A state of things

“Peruvians don’t have faith in the police, we don’t have faith in the authorities, we don’t have faith in justice. But we have faith in our peers, in our country.” -Pepe

Peru has had a few rough decades. General consensus seem to place the beginning of the trouble at around the time El Sendero Luminoso came to power. The communist-party-turned-terrorist-organization, El Sendero Luminoso (the Shining Path) became best known for dynamiting power lines, setting car bombs in the Miraflores district of Lima, and its penchant for public executions. Starting in the early eighties there were beheadings. And de-armings. And de-legings.

It got pretty grim. And for a while the government just kind of puttered around. The then president, Fernando Terry, didn’t want to cede power to the army, which had run him into exile only a decade or so earlier. It took took Terry nearly a year to declare a state of emergency and when he did, the army was nearly as bad as the Luminosos. To maintain their anonymity and, thus, the safety of their families, soldiers were given black masks to wear. This anonymity was immediately exploited and led to accounts of rape, massacres, arson, and torture in quantities much too large to allow room for doubt.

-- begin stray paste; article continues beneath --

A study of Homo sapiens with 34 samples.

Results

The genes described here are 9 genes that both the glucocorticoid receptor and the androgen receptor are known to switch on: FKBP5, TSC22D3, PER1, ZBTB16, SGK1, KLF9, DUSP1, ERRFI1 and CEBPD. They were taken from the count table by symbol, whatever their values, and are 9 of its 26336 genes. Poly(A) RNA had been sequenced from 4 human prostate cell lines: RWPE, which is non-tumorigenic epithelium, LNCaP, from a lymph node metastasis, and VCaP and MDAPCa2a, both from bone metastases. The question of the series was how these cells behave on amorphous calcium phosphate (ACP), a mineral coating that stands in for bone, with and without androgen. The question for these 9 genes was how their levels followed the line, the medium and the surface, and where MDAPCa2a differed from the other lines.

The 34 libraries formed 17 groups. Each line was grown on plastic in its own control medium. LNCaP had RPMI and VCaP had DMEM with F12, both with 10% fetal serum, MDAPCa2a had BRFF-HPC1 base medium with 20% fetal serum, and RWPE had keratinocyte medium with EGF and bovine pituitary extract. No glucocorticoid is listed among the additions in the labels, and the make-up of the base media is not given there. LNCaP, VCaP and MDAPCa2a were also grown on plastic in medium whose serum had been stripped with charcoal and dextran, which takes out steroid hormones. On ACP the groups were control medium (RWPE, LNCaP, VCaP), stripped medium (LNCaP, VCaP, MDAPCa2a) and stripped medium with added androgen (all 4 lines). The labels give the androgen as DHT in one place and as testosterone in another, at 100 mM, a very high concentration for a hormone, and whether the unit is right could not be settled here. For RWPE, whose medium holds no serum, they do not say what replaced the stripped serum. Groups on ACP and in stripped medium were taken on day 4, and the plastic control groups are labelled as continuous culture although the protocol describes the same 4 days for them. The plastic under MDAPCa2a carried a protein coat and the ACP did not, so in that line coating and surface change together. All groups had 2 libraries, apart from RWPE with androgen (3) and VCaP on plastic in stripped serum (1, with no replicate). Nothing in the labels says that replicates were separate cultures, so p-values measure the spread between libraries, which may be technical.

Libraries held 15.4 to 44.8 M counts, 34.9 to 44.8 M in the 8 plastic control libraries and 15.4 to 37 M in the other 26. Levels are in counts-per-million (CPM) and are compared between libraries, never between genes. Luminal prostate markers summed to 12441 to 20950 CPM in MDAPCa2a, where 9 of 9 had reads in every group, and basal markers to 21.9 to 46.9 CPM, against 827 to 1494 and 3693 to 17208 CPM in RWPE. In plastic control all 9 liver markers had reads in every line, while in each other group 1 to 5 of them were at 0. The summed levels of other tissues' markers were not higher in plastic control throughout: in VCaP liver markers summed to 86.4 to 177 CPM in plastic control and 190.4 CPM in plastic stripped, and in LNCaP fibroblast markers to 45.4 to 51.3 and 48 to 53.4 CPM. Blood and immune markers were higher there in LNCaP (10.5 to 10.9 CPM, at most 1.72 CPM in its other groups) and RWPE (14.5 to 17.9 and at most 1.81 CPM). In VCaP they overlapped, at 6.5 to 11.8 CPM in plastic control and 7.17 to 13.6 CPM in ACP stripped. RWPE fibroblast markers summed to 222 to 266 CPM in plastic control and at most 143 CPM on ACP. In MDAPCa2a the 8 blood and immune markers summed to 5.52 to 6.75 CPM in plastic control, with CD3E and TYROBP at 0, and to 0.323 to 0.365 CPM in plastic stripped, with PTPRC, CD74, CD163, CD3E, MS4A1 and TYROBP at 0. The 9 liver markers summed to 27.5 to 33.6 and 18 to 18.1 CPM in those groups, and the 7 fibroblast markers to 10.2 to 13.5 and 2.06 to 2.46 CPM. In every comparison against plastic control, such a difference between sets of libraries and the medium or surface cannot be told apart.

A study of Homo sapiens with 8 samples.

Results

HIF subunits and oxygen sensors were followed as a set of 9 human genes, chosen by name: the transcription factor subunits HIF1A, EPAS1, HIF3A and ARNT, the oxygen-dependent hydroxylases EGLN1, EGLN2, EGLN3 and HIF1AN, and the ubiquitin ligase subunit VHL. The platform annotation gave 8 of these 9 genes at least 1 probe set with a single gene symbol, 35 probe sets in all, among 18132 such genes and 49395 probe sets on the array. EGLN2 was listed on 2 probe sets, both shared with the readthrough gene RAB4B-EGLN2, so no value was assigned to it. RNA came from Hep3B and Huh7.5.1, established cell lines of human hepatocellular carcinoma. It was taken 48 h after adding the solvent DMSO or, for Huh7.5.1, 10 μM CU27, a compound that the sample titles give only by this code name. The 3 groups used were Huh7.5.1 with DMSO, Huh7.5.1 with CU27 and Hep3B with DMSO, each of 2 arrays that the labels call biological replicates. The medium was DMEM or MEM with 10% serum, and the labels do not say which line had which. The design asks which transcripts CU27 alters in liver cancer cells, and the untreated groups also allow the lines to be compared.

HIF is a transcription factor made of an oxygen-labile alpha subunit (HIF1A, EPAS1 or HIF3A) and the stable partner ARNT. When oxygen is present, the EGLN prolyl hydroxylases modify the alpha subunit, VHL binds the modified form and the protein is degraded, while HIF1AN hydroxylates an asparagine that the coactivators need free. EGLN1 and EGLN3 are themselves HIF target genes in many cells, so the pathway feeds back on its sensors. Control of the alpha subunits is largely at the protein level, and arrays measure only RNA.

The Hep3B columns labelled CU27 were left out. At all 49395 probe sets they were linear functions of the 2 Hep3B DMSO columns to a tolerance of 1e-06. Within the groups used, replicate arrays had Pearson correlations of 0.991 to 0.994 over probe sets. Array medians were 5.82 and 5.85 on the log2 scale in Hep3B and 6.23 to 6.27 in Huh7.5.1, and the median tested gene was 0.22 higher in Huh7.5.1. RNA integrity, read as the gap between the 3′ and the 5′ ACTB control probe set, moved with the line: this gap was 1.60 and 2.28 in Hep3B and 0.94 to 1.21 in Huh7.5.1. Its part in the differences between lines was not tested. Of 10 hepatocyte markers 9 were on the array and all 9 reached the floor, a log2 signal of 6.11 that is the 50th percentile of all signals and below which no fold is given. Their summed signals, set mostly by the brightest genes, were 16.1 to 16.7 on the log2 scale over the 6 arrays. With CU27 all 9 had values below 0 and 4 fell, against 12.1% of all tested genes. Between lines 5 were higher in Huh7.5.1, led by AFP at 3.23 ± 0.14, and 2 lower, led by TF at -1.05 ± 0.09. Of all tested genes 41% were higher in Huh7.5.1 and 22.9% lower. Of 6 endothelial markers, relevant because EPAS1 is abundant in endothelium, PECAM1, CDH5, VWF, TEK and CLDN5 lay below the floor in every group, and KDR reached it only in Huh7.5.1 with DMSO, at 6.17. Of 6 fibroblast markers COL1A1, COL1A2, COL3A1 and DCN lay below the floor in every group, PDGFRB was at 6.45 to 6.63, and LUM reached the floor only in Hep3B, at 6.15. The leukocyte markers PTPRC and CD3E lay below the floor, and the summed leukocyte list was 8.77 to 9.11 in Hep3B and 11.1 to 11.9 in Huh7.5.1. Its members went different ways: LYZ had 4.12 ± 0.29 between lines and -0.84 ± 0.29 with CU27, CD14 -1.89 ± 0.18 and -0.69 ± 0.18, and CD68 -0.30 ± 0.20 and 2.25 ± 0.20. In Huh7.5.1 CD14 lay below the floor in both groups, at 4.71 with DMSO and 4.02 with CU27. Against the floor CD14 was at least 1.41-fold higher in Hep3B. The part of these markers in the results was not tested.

Many people fled – to the US, to Venezuela, to nearby Chile – but there were those who stayed. They stayed because they had businesses they couldn’t walk away from. They had children on the way. They were rooted. My family and coworkers stayed, and suffered through bi-weekly bombings, car-jackings and streets unsafe to walk in broad daylight. Yet they are proud of Peru, nearly to a person.  Those I talk to distrust the police, think that the congressmen are thieves and the president’s a crook, and yet are willing to put great stock in the average Peruvian.

This state of affairs begs the question: What amount of power given to an average Peruvian is necessary to merit distrust? It is a very interesting question, considering the presidential election is only two weeks away. Though voting is mandatory, most people don’t feel like they get proper representation, simply because there are no candidates fit to represent the people. Voting here has become an exercise of choosing the lesser of any number of evils. Yet, everyone seems to possess such passion and faith, that it’s infectious.

Maybe terrorism, human rights abuses, and political corruption will stop someday (I say someday, because they are certainly ongoing), and maybe they wont. But, IMHO, if the issue can be influenced by enthusiasm and good vibes, you can bet your ass Peru’s going somewhere great.

Related/Tangential/ Interesting:


One thought on “A state of things

  1. Well, this is interesting because here, we see the average American as stupid (that seems to be the general consensus from how local TV news programs treat their viewers) and our president as a moral, elitist intellectual.

    At least we all agree on congressmen. EMMARIGHT?!